As California officials warn about an impending wave of COVID-19 infections, a shuttered hospital in Los Angeles that briefly reopened in the spring to help treat an expected surge of cases now appears to be the site of a major Hollywood production.
The parking lot of the former St. Vincent Medical Center is currently filled with trailers typically used by movie studios and television production companies for on-location shoots. A truck from a company called Cinelease, which describes itself as “a market leader in lighting and grip equipment rentals,” sits nearby. Tents cover outdoor dining areas and a line of cooks, who are busy preparing food.
There’s filming happening at St. Vincent Hospital AKA the abandoned hospital that was reopened for 39 days as Los Angeles Surge Hospital. Dr. Anand Annamalai called LASH “a clinically led socialistic system.”
Pictures via @BlueShell_Party pic.twitter.com/SEOPR72go4
— Brittani Nichols (@BisHilarious) December 7, 2020
What could be interpreted as a makeshift crew parking sign pointing to an indoor lot reads “TRIAGE,” a common word around hospitals but also the name of a pilot greenlit by ABC executives earlier this year.
After a shortage of intensive-care unit beds triggered a regional stay-at-home order throughout Southern California and beyond, public health authorities have been warning of a wave of new infections from Thanksgiving gatherings that is about to hit.
Dr. Patrick Soon-Shiong, a billionaire who owns The Los Angeles Times, purchased the former 366-bed hospital out of bankruptcy earlier this year for $135 million. After a federal judge approved the sale on April 10, The Times reported that its owner “plans to create a coronavirus research facility on the campus” that would “attract doctors and experts on the virus” and “relieve pressure on other hospitals.”
The bankruptcy judge conveyed a sense of urgency for the parties to complete the transaction. Judge Ernest M. Robles wrote, “there is a risk that the purchaser will walk away if the sale does not close promptly, since the purpose of the sale – establishing a research center to address the COVID-19 pandemic – would be defeated absent a prompt closing.”
As the L.A. Times reported at the time:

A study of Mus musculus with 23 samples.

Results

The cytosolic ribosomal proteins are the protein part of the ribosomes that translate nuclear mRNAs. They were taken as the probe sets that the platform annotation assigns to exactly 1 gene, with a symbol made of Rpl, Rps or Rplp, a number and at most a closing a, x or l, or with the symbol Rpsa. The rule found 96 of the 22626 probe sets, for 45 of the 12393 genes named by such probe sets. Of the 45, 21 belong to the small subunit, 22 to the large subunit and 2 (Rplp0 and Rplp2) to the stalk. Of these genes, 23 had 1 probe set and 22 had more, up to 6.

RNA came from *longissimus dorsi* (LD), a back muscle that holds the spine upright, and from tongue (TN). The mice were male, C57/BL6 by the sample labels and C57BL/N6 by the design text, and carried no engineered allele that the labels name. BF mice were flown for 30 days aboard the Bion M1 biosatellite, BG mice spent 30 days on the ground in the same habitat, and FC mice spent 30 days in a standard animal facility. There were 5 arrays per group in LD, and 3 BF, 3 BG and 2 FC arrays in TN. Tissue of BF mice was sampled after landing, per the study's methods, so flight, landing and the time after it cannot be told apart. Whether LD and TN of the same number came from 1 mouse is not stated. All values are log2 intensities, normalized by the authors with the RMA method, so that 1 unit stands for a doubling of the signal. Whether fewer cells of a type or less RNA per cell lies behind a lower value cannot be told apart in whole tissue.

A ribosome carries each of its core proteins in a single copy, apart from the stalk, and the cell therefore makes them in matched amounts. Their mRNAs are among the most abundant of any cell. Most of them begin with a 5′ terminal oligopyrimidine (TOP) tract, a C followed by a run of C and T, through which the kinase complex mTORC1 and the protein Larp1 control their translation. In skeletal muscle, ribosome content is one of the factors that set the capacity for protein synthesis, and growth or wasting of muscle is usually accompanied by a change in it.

Before Soon-Shiong purchased the hospital, the state announced in March that it would lease the empty hospital. The state is paying $16 million for a six-month lease, an agreement that’s now been transferred to Soon-Shiong.
The state is also paying healthcare companies Kaiser Permanente and Dignity Health a monthly management fee of $500,000 each to oversee the hospital.
The state will also pay for equipment and hospital staff. The total cost will depend on the number and acuity of patients treated, said Rodger Butler, a spokesman with the California Health and Human Services Agency.
The temporary state-funded hospital opened on the St. Vincent complex on April 13, three days after the bankruptcy judge approved the property’s sale to Soon-Shiong.
State officials said the pop-up facility was needed to secure additional beds to treat COVID-19 patients. Democratic Governor Gavin Newsom had said California would need 50,000 more beds to respond to what was to come. Called the Los Angeles Surge Hospital (LASH), it only admitted coronavirus patients who met certain criteria.
— Mia Alanis (@MiaAlanisPR) December 9, 2020
However, state officials closed LASH after just 39 days in operation and only treating 64 patients. Nine of them died.
Area hospitals were not overwhelmed, and the expected wave of sick people did not materialize. LASH never had more than 25 patients at a time and only grew to 63 beds, far short of its projected capacity of 266.
As The Times reported, “In time, the initial COVID-19 surge in Los Angeles County became more manageable,” and:
Operating costs for the surge hospital through May 31, according to the Governor’s Office of Emergency Services, were $21.5 million which covered medical treatments and physician salaries, as well as food services and the lease on the property.
Dr. Jamie Taylor, who worked at St. Vincent and LASH, told The Times in July that she did not expect another surge hospital to open on the property.
The lease with the state reportedly expired on September 30.
The L.A. City Council voted unanimously in October to initiate discussions with Dr. Soon-Shiong or his foundation about establishing a partnership to provide medical and mental health services to homeless people, older adults, and low-income residents in need of acute care.
Last month, it was announced that Dr. Soon-Shiong hired a brokerage firm to lease and reposition the 674,000 square-foot, five-building medical complex.
Supposedly a pilot. Def shooting inside(saw crew exiting entrance) pic.twitter.com/Hx5cKg8eGs
— Blue Shell Party (@BlueShell_Party) December 7, 2020
“The St. Vincent’s Medical Center campus is one of Los Angeles’ premier properties that will help boost the region’s economy and strengthen its position in the medical and life science industries,” said JLL Executive Vice President Chris Isola. “The 7.5-acre campus presents a rare opportunity for a company to position itself as a market leader and attract highly skilled professionals in a competitive workforce environment.”